A California farm labor contractor has found itself on the wrong side of history after settling with the Department of Justice to pay the largest-ever settlement to resolve a discrimination claim under the Immigration and Nationality Act.
Luis Esparza Services, Inc. (“LES”) reached an agreement with the DOJ following allegations that the company discriminated against individuals based on citizenship. The INA states that employers cannot treat people differently based on their citizenship status or national origin. During the hiring process, U.S. citizens, permanent residents, temporary residents, refugees, and asylees must all be treated the same, according to the DOJ. There are some exceptions to this rule, however. For instance, lawful permanent residents who do not apply for naturalization within six months of eligibility, and work-authorized individuals on employment visas are not protected from citizenship status discrimination. Additionally, an employer may restrict hiring to U.S. citizens only when required to do so by law, regulation, executive order, or government contract.
"Employers cannot treat people differently based on their citizenship status."
LES settlement with DOJ largest in history for hiring discrimination claims
The DOJ alleged that LES asked work-authorized non-U.S. citizens to provide documents from the Department of Homeland Security as a requirement for employment. The company apparently did not request the same of U.S. citizens. In violation of the INA, the burden on non-U.S. citizens was greater than that placed on U.S. citizens to prove employment eligibility. The terms of the settlement agreement call for LES to pay $320,000 in civil penalties, and to compensate an individual who lost wages as a result of the company's hiring practices. The contractor will be required to cover 11 days’ worth of pay (plus interest) that the person missed out on due to LES' work authorization verification procedures, according to Law360.
In addition to the monetary requirements in the settlement agreement, LES will be required to have employees receive guidance on the anti-discrimination provision of the INA, change its employment eligibility authorization procedures, and have those same processes monitored for three years. The company agreed to post English and Spanish language versions of the DOJ's "If You Have The Right To Work" poster, and distribute copies of the same to its applicants.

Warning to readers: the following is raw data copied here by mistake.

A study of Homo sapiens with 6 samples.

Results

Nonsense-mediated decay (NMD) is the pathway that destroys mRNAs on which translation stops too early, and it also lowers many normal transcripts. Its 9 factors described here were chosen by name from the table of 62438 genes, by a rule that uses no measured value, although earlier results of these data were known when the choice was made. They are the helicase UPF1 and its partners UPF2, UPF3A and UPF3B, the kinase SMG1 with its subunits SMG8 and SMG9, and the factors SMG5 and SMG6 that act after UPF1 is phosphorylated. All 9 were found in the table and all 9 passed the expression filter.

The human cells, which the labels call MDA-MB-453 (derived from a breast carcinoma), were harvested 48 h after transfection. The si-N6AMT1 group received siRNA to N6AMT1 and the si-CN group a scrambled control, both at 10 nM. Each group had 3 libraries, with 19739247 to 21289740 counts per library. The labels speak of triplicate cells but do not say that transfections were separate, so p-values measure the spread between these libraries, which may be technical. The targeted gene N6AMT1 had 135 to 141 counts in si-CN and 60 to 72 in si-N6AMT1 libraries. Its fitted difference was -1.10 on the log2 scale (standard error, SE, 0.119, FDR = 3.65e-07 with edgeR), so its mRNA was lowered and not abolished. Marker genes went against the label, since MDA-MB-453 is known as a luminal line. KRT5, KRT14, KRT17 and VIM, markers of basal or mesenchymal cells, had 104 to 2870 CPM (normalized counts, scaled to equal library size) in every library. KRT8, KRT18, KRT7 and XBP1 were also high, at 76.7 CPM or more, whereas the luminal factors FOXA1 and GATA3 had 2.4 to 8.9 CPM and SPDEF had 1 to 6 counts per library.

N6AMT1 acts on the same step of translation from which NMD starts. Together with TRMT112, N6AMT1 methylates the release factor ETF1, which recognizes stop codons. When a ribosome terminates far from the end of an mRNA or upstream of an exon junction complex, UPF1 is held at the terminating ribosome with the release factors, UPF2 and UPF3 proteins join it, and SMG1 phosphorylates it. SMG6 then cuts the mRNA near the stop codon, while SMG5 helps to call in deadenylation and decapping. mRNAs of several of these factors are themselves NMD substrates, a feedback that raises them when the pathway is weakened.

An employer's hiring procedures should not change due to an individual's citizenship status.
Other discrimination settlements in 2015
This wasn't the first time this year, or this month,that the DOJ reached a settlement with a company following allegations of discrimination under the INA. The Data Entry Company agreed to settle with the DOJ after a claim that the subcontractor twice removed an individual from its applicant pool because she held dual citizenship, according to the department. The termination, due to her citizenship status, was also a violation of the INA, and the company agreed to pay $750 in civil penalties to the U.S. Additionally, The Data Entry Company was required to pay $7,007 in lost wages to the individual.
In March, a different company agreed to a settlement with the DOJ after claims that it breached the anti-discrimination provision of the INA. The department announced on March 9 that it had settled with Hilton Worldwide to resolve claims that the hotel chain discriminated against a foreign-born worker during the hiring process. The company allegedly discriminated against an asylee by rejecting his Social Security card when the hotel was reverifying his authorization to work in the U.S. Under the settlement, Hilton was required to pay $550 in civil penalties and provide $12,600 to the individual for lost wages.
Discrimination claims have been a recurring issue through the first five months of 2015, and the government set a new standard for what can happen to a company that breaches the anti-discrimination portion of the INA with the $320,000 penalty levied against LES. Employers must ensure that hiring practices are the same for everyone, regardless of their citizen status. When it comes time to verify work eligibility, a best practice is to use an outlined set of procedures each time an applicant is hired; this helps ensure that the process remains consistent and is followed without change. Distributing step-by-step employment verification procedures within the company can help ensure that employers don't find themselves in situations like LES.
A web-based Form I-9 and E-Verify solution like I-9 Advantage™ helps employers to utilize a standardized process, and may have helped organizations like LES avoid discrimination.